The ability to establish In-Transit Visibility (ITV) has transformed consignment logistics for NATO allies, saving significant time, money and manpower and allowing full interoperability. The key to success has been adopting RFID labels, readers and software. A rugged tablet PC puts this instant data capture capability into the hands of military personnel all along the supply chain.
As the world’s largest wireless cargo management network, the Department of Defense uses a combination of RFID and GPS to automatically collect shipment identification data and track all types of consignments past hundreds of nodes in dozens of countries around the world.
Real-time information capture enables complete visibility, regardless of location. Personnel at any point can see exactly where the consignment is, what it includes, when it’s expected to pass specified checkpoints and arrive at its destination. That’s mission-critical in combat situations and far more efficient even for everyday shipments of supplies.
The US enabled NATO’s adoption of RFID-based coding systems, by sharing its existing global RFID infrastructure with the Allies. Acquiring this valuable technology has allowed nations to improve internal systems while integrating seamlessly with NATO.
RFID augments barcoding with faster, more accurate and more detailed information that facilitates interoperability and enhanced shipment security. Using RFID, military logistics personnel can:
Read multiple tags almost instantly, even in fast-moving rail cars or trucks and even without direct line-of-sight.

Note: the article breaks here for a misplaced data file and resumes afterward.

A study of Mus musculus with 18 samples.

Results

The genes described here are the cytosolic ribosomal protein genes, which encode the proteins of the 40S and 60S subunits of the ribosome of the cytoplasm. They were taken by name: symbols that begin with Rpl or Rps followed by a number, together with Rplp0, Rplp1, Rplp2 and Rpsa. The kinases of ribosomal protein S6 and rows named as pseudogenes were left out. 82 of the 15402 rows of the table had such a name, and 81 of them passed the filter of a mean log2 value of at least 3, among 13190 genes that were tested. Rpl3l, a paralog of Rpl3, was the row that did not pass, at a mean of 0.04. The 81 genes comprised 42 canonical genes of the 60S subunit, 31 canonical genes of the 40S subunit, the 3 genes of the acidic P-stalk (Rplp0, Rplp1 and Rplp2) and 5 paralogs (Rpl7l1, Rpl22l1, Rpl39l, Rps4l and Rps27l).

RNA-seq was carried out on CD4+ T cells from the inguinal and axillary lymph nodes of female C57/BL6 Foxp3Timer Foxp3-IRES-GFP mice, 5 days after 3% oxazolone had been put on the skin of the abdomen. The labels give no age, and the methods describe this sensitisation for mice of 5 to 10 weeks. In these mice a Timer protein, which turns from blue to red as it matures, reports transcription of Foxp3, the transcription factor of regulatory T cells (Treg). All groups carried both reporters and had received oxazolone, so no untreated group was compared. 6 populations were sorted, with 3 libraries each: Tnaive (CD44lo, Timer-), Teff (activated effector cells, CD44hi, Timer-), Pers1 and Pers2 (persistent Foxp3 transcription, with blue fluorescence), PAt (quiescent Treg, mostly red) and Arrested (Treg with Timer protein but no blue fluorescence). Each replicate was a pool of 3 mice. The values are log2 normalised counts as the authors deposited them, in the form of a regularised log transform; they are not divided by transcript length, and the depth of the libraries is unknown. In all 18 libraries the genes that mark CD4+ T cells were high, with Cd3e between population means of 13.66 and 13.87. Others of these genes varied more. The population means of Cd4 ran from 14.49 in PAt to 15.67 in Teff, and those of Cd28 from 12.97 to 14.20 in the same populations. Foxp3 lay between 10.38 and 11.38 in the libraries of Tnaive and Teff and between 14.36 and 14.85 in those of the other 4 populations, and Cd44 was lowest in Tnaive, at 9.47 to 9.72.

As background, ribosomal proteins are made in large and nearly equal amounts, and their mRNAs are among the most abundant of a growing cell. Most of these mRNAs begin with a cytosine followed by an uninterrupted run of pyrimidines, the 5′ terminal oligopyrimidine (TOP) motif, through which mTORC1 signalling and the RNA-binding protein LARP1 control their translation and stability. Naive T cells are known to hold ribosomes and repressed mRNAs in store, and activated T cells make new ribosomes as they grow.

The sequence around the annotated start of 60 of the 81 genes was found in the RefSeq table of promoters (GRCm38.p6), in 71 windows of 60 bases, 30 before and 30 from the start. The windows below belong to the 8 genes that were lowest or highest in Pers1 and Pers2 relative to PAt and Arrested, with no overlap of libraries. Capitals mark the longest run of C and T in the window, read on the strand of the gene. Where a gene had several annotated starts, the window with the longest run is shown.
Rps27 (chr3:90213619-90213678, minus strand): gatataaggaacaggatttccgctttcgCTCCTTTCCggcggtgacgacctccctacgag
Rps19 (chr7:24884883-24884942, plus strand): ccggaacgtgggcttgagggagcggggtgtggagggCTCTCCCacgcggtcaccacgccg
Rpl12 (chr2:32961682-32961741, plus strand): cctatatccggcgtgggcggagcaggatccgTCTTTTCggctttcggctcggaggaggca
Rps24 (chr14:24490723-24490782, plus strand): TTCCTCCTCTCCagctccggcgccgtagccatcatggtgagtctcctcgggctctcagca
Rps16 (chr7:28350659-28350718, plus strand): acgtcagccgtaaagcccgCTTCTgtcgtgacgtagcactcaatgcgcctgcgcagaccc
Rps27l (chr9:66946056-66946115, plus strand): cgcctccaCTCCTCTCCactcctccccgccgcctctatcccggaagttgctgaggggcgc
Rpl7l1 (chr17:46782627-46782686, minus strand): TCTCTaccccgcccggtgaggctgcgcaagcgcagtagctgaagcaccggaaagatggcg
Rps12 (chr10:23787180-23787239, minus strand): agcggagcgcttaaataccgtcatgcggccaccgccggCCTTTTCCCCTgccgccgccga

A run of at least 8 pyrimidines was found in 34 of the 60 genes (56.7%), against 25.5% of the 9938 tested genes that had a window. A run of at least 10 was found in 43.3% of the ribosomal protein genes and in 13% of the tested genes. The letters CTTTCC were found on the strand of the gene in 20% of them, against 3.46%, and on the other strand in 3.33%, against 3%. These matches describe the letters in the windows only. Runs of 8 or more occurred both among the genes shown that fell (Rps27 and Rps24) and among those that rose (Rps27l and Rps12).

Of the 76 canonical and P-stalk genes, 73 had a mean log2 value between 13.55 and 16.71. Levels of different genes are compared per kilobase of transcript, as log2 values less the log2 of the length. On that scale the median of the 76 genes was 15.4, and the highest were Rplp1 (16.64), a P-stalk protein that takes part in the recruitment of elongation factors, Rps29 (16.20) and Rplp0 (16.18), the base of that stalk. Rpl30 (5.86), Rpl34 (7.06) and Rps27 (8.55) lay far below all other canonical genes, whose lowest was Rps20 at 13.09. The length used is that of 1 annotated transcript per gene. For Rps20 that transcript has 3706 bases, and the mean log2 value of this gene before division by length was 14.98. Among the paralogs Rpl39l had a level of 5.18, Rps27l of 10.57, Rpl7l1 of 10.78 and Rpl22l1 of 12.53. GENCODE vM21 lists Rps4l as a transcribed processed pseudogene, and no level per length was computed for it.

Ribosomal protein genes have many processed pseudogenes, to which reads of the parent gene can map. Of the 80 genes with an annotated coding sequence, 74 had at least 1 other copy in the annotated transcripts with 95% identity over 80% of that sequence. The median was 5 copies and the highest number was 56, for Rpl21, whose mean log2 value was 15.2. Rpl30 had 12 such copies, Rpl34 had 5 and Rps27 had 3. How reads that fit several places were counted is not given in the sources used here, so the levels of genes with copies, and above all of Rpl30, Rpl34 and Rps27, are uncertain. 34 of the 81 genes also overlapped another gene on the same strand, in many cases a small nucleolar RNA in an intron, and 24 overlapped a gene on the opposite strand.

Read tags at a much greater distance, as much as 100 meters.
Re-write tags as necessary.
Automatically gather data about supply chain assets as well as consignments, in real time regardless of travel mode or geography.
Instantly know when goods arrive.
Tags are weather- and tamper-proof and can hold much more detailed information than bar codes. Full automation requires less manpower than bar code systems, so data is captured and transmitted faster. And data is easily integrated with information management software, allowing better, more immediate decision-making.
By relying on rugged tablets to power their consignment tracking systems, NATO is capturing the same operational and decision-making benefits enjoyed by the private sector.
A rugged tablet PC has become the mainstay of commercial supply chain logistics because it’s easily portable yet tremendously powerful. It is entirely reliable and unrelentingly tough. Nothing else enables the same level of in-the-field versatility or flexibility or stands up to the intense rigors of military and shipping environments – drops, shocks, vibration, extreme heat and cold, moisture and grit, seemingly endless hours of operation.
Consignments may on the move continuously as they make their way to their destination on the other side of the globe. But thanks to high-performance rugged tablets, personnel can locate specific supplies from the battlefield or command centers in minutes, allowing far better tactical support
That’s especially important when dealing with volatile battlefield conditions. Because troops are often the ultimate recipients of consignments, it’s essential they receive the correct supplies, at the time and place expected, even when troops themselves are on the move.
A rugged tablet PC makes an RFID-based scanning system fully operational. Portable tablet PC systems enable supply chain personnel to add “check-in” nodes if necessary, for better location-sensing and also monitoring of surface communications. They can be instantly alerted if a convoy doesn’t pass a specified node as expected.
For NATO, In-Transit Visibility has improved logistics efficiency and accuracy. Most of all, it has increased confidence in knowing consignments will travel smoothly to their destination, as quickly as possible and without getting diverted or lost.